David Dobson’s interest in history was ignited at a young age. His natural curiosity led him to explore not only the general historical events but also his own family’s past. Over the years, his fascination drove him to engage in numerous conversations with family elders, unearthing unspoken stories and intriguing facts about his lineage. This curiosity has sustained him for an impressive 40 years.
While traversing through family history, Dobson discovered a poignant truth – the lamentable condition of gravestones in many cemeteries. Despite well-kept grounds, the gravestones themselves seemed forgotten and neglected. Names and dates, the only physical remnants of someone’s existence, were often obscured by lichens, mosses, and mildew. This observation prompted Dobson to take the matter into his own hands and start cleaning gravestones, beginning with those of his ancestors.
For Dobson, there’s an immense sense of satisfaction in restoring the gravestones of his ancestors. By cleaning their stones, saying a few words of respect, and leaving flowers, he believes he is honoring his ancestors in a concrete way. This act of remembrance feels beneficial not only to him but also to his entire family.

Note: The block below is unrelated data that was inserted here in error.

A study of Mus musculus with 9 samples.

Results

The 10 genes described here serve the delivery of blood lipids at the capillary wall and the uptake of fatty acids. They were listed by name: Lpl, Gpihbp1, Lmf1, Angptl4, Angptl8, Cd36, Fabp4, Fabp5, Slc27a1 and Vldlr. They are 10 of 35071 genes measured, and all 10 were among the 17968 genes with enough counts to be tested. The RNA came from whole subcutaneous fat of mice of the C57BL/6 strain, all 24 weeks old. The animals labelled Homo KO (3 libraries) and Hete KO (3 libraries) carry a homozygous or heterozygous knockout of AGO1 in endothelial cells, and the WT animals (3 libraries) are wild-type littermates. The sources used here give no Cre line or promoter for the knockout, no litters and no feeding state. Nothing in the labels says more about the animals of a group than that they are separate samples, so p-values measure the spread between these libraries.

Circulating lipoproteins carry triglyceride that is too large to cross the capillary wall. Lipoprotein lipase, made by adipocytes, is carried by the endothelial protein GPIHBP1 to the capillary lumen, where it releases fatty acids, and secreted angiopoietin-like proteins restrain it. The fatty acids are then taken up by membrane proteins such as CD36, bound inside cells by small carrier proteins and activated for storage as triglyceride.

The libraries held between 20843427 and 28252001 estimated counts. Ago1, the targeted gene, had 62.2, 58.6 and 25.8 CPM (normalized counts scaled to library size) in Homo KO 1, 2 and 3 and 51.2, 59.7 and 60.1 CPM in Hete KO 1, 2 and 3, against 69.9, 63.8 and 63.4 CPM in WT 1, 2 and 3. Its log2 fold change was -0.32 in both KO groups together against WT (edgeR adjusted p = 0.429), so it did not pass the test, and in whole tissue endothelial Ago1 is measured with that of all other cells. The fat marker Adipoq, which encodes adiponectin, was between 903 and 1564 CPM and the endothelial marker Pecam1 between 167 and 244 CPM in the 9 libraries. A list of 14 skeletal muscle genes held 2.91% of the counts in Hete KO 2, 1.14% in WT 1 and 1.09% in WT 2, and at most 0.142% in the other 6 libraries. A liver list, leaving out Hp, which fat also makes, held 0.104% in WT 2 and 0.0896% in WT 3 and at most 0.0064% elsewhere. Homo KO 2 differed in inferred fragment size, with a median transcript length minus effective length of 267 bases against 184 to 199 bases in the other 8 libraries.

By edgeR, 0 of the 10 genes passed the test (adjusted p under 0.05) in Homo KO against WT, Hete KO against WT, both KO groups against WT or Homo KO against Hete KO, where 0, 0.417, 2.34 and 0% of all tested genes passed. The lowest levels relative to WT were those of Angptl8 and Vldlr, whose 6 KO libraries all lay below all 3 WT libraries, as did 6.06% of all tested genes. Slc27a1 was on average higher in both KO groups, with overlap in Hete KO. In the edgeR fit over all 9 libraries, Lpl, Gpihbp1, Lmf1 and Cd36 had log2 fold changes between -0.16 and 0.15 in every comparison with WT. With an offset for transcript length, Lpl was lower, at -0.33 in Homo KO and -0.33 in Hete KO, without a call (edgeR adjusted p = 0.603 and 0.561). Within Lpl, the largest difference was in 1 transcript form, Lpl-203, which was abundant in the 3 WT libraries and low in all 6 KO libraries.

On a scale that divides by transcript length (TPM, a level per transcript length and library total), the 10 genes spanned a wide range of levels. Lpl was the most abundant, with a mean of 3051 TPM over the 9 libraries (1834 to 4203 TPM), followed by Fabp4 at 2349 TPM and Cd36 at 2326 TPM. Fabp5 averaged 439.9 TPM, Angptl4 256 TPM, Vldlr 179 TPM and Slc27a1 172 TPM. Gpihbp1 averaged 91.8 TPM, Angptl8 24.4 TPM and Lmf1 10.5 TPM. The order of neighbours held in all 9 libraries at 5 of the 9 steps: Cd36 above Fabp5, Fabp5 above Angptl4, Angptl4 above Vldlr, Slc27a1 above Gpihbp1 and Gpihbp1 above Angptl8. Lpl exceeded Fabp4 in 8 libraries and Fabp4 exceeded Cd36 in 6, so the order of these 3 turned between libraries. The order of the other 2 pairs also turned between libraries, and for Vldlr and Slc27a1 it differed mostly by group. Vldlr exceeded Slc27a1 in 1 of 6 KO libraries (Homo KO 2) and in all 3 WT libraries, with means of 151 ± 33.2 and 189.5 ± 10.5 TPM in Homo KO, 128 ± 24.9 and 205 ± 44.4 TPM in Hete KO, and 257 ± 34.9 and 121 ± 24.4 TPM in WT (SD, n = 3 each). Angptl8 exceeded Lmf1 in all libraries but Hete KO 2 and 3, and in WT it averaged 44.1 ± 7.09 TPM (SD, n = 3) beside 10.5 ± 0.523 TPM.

A particularly poignant moment in Dobson’s journey was the cleaning of his great grandfather’s gravestone. Born in New Brunswick, his great grandfather served during the Civil War and later settled in Houlton to farm and raise a family. His gravestone, once covered with lichen and unreadable, now stands clear, a testament to Dobson’s commitment to reclaiming his family’s history.
If you’re considering embarking on a similar journey, Dobson suggests starting small. Watch videos about gravestone cleaning, gather the necessary supplies, and clean a stone. This initial experience will help determine what’s needed in terms of supplies and practical knowledge. It’s also a great way to gauge your readiness for future efforts.
For Dobson and his daughter, the journey took them from Lewiston to Houlton, then to New Brunswick, cleaning gravestones and learning more about their family history along the way. Their journey was not only an educational one but also a deeply rewarding and fun experience. They’re now eagerly anticipating visits to the gravestones of 14 more great great grandparents, 6 more great grandparents, and 4 grandparents. This task may take a few years, but Dobson is confident that it’s a commitment worth pursuing.
In the end, Dobson’s journey is one of honoring the past, engaging with the present, and preserving history for the future. His story is a testament to the power of individual efforts in reclaiming forgotten histories and honoring those who came before us.